The "Dear John" letters arrive daily here at the Calumet Farm barn on the Belmont Park backstretch.
"We're averaging 10 to 12 a day since the Preakness," John Veitch, Alydar's trainer, acknowledged yesterday. "They're from people who are still his loyal fans, even though he's lost to Affirmed in the Kentucky Derby and the Preakness.
"They're still confident in him. They felt, and they still feel, he is the better horse; that circumstances helped get him beat in Louisville and Baltimore."
Veitch shares the writers' belief. The young trainer appears to be more confident of an Alydar victory in Saturday's $150,000 Belmont Stakes than he was before the first two events in theTriple Crown Series. Alydar can defeat Affirmed straight up, over the 1 1/2 miles, all by himself, Veitch believes, but he appreciates the "help" he is receiving from the correspondence course.
"Letters contain all kinds of advice and suggestions," the trainer said. "They want me to take the blinkers off, or to make Alydar go to the lead, or to try a shadow roll so Alydar won't cock his head like he does. A few get a little technical. They want to know why he doesn't change leads. They're wrong about that. He does change. It's just that he finishes the stretch runs on his left lead, which is ususual."
Surprisingly, few of the letters contain criticism of the trainer or of Alydar's jockey, Jorge Velasquez. "We've gotten off pretty easy," Veitch said. "And on Saturday, I'm going to make a few of the letter-writers happy by making one change some of them suggested. The blinkers are coming off for the Belmont.
"I'm not grabbing at straws and, frankly, I don't think it will make that much difference, but Alydar doesn't need them. He works without them. I put them on him when he was a 2-year-old because he had a habit of looking around, not keeping his mind on his business. But he's a big boy now. The absence of blinkers may help him relax and run a little more freely during the early part.
"I can make the change now," the trainer continued. "Had I done it for the Derby when Alydar was riding a victorious wave, and he'd been beaten, I'd never have heard the end of it."
Alydar's fans will be happy to hear about the change. They would have been distressed, however, had they been here last weekend when their hero suffered another of his frequent attacks of gas colic.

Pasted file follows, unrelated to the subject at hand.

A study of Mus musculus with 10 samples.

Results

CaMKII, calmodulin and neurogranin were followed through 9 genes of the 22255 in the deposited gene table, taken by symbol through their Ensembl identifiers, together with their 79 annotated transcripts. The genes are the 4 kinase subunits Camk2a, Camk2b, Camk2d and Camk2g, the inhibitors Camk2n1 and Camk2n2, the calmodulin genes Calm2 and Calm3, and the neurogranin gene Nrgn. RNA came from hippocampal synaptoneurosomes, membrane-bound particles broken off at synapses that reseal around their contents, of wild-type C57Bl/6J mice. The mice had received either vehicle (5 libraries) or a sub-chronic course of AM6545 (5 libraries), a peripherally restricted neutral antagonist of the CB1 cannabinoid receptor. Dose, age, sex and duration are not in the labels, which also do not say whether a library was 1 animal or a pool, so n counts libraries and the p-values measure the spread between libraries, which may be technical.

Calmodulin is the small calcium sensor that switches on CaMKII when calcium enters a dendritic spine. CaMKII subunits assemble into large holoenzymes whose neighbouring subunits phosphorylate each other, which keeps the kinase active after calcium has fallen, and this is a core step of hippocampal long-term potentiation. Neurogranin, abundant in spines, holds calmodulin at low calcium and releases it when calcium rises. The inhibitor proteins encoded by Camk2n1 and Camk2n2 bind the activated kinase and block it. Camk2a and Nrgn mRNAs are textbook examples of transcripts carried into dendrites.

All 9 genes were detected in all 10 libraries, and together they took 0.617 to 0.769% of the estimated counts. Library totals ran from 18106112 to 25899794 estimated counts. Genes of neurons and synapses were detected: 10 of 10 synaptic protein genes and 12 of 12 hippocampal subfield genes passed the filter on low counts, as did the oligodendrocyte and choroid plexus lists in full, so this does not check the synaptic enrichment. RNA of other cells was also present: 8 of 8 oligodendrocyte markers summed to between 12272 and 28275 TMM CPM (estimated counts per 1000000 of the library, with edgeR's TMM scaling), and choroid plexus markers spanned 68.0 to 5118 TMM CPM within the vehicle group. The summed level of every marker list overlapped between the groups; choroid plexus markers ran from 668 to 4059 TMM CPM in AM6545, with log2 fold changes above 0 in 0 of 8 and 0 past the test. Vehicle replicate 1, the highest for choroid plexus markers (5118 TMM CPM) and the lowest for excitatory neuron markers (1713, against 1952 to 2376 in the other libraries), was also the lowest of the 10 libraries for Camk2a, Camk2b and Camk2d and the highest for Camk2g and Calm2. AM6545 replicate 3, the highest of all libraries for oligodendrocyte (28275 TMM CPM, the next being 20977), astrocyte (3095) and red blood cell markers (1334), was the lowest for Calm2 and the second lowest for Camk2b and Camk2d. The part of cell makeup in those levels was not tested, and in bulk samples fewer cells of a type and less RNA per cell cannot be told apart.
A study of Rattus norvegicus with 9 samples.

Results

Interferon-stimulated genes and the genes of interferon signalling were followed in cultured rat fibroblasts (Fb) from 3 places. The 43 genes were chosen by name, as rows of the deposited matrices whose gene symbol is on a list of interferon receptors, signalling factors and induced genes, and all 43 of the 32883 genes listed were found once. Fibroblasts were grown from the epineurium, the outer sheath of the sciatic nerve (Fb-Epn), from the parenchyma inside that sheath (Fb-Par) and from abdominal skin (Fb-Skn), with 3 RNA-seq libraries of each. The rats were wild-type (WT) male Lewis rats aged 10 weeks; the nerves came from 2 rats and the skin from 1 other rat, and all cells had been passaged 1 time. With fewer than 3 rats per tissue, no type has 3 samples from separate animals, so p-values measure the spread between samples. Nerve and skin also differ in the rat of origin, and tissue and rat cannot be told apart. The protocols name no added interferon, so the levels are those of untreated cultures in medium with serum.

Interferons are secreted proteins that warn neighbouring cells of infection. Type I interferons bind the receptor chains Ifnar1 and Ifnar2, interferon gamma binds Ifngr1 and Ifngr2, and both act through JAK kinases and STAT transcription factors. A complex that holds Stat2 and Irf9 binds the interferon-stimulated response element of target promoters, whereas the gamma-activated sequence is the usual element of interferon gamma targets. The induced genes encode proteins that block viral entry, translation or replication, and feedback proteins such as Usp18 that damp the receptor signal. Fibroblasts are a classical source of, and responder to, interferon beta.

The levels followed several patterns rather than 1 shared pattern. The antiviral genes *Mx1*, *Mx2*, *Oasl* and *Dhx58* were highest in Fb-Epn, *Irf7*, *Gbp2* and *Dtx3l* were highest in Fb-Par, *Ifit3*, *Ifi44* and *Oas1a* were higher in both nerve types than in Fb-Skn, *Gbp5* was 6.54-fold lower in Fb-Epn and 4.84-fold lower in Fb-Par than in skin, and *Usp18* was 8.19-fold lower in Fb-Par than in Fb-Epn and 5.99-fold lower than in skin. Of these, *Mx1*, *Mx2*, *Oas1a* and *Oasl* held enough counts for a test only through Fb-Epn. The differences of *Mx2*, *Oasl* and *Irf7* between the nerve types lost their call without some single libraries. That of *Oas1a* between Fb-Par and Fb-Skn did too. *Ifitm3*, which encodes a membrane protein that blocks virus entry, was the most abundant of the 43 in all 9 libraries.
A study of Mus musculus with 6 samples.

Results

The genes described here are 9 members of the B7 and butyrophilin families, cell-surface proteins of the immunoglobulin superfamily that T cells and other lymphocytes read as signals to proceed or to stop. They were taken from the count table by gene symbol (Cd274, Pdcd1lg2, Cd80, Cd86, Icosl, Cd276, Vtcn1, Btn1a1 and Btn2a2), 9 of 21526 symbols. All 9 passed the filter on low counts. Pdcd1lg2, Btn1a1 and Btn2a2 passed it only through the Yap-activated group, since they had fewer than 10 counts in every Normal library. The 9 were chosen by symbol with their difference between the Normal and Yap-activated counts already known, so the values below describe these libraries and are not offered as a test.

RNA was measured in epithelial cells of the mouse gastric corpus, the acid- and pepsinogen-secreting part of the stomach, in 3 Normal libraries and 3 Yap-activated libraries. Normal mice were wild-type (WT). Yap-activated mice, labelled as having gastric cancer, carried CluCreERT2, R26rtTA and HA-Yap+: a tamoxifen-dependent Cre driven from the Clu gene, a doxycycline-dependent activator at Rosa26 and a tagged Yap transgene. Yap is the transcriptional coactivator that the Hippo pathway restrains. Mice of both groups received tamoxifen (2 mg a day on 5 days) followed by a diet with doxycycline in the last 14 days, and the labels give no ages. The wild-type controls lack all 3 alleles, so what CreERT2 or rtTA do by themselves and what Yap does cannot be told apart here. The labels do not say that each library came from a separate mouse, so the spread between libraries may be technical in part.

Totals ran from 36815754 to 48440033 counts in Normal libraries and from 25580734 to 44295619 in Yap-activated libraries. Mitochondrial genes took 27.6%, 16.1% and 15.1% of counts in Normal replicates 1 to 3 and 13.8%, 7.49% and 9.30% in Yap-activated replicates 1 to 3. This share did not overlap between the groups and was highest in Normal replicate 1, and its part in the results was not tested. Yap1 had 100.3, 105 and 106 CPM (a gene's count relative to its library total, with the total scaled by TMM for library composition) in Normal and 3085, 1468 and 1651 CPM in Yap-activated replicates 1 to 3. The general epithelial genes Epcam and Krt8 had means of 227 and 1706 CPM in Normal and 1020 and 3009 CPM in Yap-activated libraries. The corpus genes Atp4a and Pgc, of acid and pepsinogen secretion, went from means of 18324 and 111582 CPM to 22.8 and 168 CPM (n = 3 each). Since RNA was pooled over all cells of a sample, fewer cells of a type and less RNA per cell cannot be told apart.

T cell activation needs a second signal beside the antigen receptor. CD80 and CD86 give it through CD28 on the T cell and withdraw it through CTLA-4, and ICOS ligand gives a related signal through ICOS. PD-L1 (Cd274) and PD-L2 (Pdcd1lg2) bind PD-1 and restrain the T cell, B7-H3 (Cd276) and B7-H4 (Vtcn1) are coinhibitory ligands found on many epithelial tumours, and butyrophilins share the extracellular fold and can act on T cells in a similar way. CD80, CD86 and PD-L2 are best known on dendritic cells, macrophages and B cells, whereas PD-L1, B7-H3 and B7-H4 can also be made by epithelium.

"Fortunately, we caught it right away and got him to jog a little." Veitch said. "His dam had the same susceptibility. We have tried to vary his diet in an effort to find out what causes the condition. We have to watch him closely, for colon impact."
A field of five is to be entered in the Belmont today. Darby Creek Road, Noon Time Spender and Judge Advocate are expected to join Alydar in an attempt at preventing Affirmed from becoming the 11th Triple Crown winner. Alydar is the only rival accorded a chance.
"It sure looks like we'll have to beat him ourselves," Veitch remarked. "I don't know anybody else who's going to really enter into it."
Affirmed beat Alydar by 1 1/2 lengths at Churchill Downs and by a long neck after a furious stretch duel at Pimlico.
"Alydar didn't run his race in the Derby," Veitch observed. "He did run his race in the Preakness. He ran to the best of his ability that day. But the Preakness is a speed-oriented race and Affirmed has the superior speed. The inherent nature of that race was to his advantage.
"Now Belmont is different. It's more a test of stamina and strength. My horse is stronger. Alydar is not going to blow by Affirmed in the Belmont. He'll try to grind him down, by laying closer to him, stalking him all the way, letting out a little bit earlier than usual. They might start to hook up at the five-eights pole, instead of the three-eighths, and drag each other home from there."
The letter-writers suggest that Veitch have Valesquez send Alydar into the early lead, forcing Steve Cauthen, on Affirmed, to alter his tactics slightly.
"There is no need for that over a mile and a half distance," Veitch responds. "Changing a horse's basic racing pattern, when he's running well, may work occasionally but it also can be catastrophic. I remember they sent Dike to the lead in the 1969 Belmont, against Arts and Letters and Majestic Prince, after he had been unable to run them down in the Derby. You know what happened."
Dike wound up a distant third. Alydar will finish better than that in this 100th Belmont. He will be second, at the worst, and first, if Veitch is right. Either way, the letters will continue to find their way to the Calume Farm.